Research Reports - Mortality and long-term functional outcome associated with intracranial pressure after traumatic brain injury

Intensive Care Med. 2012 Nov;38(11):1800-9

Badri S, Chen J, Barber J, Temkin NR, Dikmen SS, Chesnut RM, Deem S, Yanez ND, Treggiari MM

PURPOSE: Elevated intracranial pressure (ICP) has been associated with increased
mortality in patients with severe traumatic brain injury (TBI). We have examined
whether raised ICP is independently associated with mortality, functional status
and neuropsychological functioning in adult TBI patients.
METHODS: Data from a randomized trial of 499 participants were secondarily
analyzed. The primary endpoints were mortality and a composite measure of
functional status and neuropsychological function (memory, speed of information
processing, executive function) over a 6-month period. The area under the curve
of the ICP profile (average ICP) during the first 48 h of monitoring was the main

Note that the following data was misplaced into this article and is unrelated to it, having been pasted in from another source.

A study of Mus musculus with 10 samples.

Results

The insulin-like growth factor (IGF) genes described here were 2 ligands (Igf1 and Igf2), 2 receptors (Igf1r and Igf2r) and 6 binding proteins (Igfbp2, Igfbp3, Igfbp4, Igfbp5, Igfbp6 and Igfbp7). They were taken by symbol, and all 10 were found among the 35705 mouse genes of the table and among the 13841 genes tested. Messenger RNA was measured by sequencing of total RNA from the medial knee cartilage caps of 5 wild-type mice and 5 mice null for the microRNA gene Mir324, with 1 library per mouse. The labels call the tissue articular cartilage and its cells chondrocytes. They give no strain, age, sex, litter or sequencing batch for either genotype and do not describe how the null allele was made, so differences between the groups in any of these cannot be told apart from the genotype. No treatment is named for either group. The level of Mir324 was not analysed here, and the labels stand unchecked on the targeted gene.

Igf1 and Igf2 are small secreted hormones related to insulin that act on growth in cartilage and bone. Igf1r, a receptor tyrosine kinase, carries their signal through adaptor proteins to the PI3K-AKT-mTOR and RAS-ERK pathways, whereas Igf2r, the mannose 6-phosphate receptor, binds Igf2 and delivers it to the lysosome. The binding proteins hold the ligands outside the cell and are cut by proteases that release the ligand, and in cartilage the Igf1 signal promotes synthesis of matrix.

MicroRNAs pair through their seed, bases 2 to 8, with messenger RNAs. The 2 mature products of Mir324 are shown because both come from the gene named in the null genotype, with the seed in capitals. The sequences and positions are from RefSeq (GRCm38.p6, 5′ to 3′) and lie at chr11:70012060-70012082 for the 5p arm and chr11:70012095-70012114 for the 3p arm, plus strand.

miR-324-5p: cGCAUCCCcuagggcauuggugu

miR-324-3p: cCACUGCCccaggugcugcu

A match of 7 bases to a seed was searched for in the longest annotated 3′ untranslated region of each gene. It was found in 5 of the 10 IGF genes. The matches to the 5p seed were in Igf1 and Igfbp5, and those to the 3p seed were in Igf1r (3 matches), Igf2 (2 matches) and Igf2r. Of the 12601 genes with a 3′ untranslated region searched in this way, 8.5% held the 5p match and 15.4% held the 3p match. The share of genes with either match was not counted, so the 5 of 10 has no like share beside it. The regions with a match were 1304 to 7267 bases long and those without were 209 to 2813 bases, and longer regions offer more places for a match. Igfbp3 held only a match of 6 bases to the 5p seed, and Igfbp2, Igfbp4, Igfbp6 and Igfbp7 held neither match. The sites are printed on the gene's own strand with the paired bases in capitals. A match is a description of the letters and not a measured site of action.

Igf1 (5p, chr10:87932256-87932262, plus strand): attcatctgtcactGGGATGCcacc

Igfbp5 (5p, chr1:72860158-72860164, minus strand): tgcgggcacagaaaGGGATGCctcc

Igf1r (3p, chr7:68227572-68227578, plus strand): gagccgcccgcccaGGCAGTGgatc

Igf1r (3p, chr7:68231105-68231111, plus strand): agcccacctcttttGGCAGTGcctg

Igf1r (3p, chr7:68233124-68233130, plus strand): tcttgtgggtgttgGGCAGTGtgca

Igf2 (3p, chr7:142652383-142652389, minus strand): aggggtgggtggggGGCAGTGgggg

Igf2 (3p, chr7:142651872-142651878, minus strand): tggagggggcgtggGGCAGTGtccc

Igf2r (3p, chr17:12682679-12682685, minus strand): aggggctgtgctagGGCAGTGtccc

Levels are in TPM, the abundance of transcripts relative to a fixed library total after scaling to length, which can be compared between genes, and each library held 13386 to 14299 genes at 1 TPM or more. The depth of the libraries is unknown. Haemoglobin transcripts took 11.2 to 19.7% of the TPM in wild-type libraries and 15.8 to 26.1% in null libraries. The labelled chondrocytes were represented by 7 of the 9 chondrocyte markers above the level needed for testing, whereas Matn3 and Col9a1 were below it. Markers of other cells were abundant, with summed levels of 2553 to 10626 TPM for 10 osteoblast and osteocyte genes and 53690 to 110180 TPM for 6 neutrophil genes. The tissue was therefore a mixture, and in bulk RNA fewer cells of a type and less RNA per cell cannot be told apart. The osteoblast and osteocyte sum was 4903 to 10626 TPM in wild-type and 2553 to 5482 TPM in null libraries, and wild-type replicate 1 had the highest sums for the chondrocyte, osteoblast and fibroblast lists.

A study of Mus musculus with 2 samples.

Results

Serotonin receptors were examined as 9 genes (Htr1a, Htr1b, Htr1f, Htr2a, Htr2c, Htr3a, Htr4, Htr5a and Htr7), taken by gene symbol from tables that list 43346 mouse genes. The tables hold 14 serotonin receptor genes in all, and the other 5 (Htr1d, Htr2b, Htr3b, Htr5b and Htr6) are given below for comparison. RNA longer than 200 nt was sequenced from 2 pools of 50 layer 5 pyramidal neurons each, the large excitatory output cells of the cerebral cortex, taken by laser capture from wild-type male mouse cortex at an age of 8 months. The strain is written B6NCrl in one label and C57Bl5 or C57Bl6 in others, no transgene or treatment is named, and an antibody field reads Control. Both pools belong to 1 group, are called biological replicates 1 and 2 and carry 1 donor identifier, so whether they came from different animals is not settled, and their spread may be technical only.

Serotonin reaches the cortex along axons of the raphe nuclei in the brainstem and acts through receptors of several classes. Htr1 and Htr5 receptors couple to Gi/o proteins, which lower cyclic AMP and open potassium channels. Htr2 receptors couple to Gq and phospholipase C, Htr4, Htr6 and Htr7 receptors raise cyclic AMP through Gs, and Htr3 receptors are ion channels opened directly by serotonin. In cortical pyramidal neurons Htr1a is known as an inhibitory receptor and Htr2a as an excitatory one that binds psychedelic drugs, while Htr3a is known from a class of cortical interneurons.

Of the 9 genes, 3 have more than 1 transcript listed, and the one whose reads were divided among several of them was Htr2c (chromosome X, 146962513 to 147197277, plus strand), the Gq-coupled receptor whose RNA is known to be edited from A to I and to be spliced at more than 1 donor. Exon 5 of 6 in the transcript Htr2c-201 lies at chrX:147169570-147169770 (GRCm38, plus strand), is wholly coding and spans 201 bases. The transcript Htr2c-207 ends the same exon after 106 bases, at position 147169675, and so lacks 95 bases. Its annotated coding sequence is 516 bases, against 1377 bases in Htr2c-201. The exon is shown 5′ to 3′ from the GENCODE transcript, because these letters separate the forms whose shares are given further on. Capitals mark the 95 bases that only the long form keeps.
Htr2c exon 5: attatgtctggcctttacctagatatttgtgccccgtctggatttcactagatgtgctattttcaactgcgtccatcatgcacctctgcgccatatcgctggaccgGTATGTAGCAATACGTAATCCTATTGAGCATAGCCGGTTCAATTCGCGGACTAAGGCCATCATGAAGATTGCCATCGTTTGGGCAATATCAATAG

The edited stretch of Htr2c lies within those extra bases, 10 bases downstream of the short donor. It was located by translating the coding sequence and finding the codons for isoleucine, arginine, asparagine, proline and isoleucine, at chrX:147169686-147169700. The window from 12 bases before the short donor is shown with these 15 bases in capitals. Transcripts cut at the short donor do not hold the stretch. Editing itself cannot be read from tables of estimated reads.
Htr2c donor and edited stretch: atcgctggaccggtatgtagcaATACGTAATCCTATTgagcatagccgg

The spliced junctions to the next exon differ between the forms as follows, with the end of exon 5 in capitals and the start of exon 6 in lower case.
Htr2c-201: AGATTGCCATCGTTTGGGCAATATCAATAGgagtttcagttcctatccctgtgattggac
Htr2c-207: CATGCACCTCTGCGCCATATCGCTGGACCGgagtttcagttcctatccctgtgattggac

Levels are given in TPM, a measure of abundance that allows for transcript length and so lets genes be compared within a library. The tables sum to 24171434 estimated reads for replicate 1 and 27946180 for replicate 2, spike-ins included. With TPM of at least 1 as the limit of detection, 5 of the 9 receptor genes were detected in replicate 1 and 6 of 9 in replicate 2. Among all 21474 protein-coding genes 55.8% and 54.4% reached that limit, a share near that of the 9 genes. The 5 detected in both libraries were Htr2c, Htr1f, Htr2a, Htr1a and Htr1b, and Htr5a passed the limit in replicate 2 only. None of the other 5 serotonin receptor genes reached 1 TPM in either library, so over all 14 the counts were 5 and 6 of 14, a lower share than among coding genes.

predictor of interest. Multivariable regression was used to adjust for a priori
defined confounders: age, Glasgow Coma Score, Abbreviated Injury Scale-head and
hypoxia.
RESULTS: Of the participants, 365 patients had complete 48-h ICP data. The
overall 6-month mortality was 18 %. The adjusted odds ratio of mortality
comparing 10-mmHg increases in average ICP was 3.12 (95 % confidence interval
1.79, 5.44; p < 0.01). Overall, higher average ICP was associated with decreased
functional status and neuropsychological functioning (p < 0.01). Importantly,
among survivors, increasing average ICP was not independently associated with
worse performance on neuropsychological testing (p = 0.46).
CONCLUSIONS: Average ICP in the first 48 h of monitoring was an independent
predictor of mortality and of a composite endpoint of functional and
neuropsychological outcome at the 6-month follow-up in moderate or severe TBI
patients. However, there was no association between average ICP and
neuropsychological functioning among survivors.